Russian Turbine Manufacturers Prioritizing Service Over Production

Although little information has been coming out of Russia lately due to the war in Ukraine, a recent review and analysis of the UEC Saturn and UEC Perm websites reveals a possible shift in focus of these turbine manufacturers. Servicing existing units seems to be the current priority of these companies rather than the production of new machines.

Russia is 100 percent self-sufficient in terms of energy; i.e., it has plenty of capacity to cover its demands. Recently published data on energy consumption vs. electricity generation suggests that energy consumption is decreasing while capacity is increasing. Therefore, this trend within the Russian gas turbine industry makes sense. Why produce more gas turbines when the capacity is there?

Repairing these machines will suffice for the time being. UEC Saturn is now extensively advertising its manufacture of Tier 2-4 components, including blades and vanes. UEC Perm, UEC Saturn’s sister company, has seemingly dropped much of its former turbine portfolio with an emphasis on larger machines. What does this translate to? Russia’s energy sector is likely hunkering down and weathering the storm. Its outlook seems to be: rather than replace these machines with newer technology, let’s maintain the status quo.

Power production is one sector, but what about all of that gas? Russia has a vast network of pipelines that need a small gas turbine every 100 kilometers or so to keep the gas flowing. Many of these turbines are not Russian at all; they are Ukrainian Zorya-Mashproekt machines. Again, why replace when you can repair?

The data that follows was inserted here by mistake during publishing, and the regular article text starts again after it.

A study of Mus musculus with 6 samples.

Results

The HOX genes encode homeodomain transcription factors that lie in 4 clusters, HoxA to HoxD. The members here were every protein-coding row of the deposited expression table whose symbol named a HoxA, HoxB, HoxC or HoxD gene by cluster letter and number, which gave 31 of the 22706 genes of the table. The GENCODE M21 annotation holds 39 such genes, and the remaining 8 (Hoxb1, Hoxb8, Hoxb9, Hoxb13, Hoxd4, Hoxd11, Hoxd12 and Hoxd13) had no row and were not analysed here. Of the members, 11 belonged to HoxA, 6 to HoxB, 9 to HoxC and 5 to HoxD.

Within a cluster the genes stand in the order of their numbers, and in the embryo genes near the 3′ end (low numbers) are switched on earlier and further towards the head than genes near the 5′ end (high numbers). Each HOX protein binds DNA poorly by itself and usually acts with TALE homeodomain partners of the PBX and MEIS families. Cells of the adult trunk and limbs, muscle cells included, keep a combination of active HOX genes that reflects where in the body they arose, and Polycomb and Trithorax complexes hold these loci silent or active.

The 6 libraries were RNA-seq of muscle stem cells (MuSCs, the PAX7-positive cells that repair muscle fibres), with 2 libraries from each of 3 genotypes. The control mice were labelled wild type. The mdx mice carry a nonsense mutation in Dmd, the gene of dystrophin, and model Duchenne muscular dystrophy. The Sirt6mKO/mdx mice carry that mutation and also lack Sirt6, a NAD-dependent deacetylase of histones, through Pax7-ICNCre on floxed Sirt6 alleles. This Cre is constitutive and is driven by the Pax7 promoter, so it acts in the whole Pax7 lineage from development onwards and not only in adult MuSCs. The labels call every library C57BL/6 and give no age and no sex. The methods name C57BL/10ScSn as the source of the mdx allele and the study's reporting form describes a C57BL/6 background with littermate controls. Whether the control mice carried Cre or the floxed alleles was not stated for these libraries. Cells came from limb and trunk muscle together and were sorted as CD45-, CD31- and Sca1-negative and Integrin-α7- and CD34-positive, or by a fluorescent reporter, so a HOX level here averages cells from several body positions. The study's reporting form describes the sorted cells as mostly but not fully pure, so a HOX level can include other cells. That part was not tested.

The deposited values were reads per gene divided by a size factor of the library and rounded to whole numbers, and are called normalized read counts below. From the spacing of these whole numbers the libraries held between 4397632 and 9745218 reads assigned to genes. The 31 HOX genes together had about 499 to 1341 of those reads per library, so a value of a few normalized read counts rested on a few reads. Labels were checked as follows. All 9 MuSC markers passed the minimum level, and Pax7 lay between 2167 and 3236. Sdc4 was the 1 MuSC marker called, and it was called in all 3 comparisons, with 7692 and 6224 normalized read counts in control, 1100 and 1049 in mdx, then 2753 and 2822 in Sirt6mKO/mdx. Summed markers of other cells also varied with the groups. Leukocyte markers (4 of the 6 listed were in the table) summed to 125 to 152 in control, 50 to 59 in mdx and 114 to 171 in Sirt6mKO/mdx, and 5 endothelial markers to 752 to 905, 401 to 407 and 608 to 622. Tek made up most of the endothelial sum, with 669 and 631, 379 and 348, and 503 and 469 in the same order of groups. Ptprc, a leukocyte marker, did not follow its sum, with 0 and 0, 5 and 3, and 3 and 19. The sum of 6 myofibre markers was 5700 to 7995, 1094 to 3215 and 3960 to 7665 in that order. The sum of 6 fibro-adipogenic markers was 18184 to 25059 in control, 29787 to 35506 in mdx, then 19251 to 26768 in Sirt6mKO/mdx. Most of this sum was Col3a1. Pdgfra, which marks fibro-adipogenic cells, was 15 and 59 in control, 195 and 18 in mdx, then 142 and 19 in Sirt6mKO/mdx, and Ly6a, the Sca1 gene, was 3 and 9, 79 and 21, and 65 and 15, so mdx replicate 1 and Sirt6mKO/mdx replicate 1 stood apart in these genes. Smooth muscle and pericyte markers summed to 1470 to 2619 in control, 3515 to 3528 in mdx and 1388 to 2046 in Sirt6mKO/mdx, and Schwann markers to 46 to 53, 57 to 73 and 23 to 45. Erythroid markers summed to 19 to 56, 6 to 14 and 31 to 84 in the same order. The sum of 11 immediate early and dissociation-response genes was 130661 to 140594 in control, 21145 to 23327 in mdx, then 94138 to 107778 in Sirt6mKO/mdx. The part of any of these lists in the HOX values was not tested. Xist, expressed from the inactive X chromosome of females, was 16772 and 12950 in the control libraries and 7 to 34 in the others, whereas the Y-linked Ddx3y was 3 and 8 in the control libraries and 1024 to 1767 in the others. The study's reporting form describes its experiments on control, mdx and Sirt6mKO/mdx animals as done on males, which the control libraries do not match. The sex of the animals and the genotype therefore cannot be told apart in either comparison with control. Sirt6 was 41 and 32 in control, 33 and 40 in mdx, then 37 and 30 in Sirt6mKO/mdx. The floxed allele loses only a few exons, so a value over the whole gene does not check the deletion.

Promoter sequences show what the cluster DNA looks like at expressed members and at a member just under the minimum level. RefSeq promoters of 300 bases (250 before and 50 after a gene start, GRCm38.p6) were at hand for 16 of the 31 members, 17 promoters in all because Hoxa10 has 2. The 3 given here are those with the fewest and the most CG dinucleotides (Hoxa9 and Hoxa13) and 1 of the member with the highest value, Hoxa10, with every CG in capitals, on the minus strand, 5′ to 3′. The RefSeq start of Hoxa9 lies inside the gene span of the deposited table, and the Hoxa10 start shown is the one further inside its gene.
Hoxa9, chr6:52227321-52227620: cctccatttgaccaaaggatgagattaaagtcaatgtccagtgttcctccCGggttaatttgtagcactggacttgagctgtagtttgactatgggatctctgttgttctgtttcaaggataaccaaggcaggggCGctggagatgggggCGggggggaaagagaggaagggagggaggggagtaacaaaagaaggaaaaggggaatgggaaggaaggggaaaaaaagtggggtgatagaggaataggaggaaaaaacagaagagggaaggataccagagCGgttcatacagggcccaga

All of this translates to Russia holding on. These turbines, whether mechanical drive or power generation machines, will not be replaced by more efficient turbines. Russia had indeed tried to obtain newer technologies, having placed an order for 20 Baker Hughes LM9000 turbines (based on the GE90 aviation engine); however, only four were delivered before sanctions hit the country.

Running less efficient machines through repairs is not the end of the world for Russia as it currently stands. As time goes on, these machines might become more difficult to repair and replacement will be necessary. It remains to be seen if UEC Saturn and UEC Perm will be able to produce enough machines to meet demand.


About Carter Palmer

Carter Palmer has long held a keen interest in military matters and aviation. As an analyst for Industrial & Marine Turbine Forecast, Carter specializes in examining key gas turbine programs for electrical power generation, mechanical drive, and marine propulsion applications. He is also responsible for updating the reports and analyses within the Space Systems Forecast – Launch Vehicles & Manned Platforms and Space Systems Forecast – Satellites & Spacecraft products.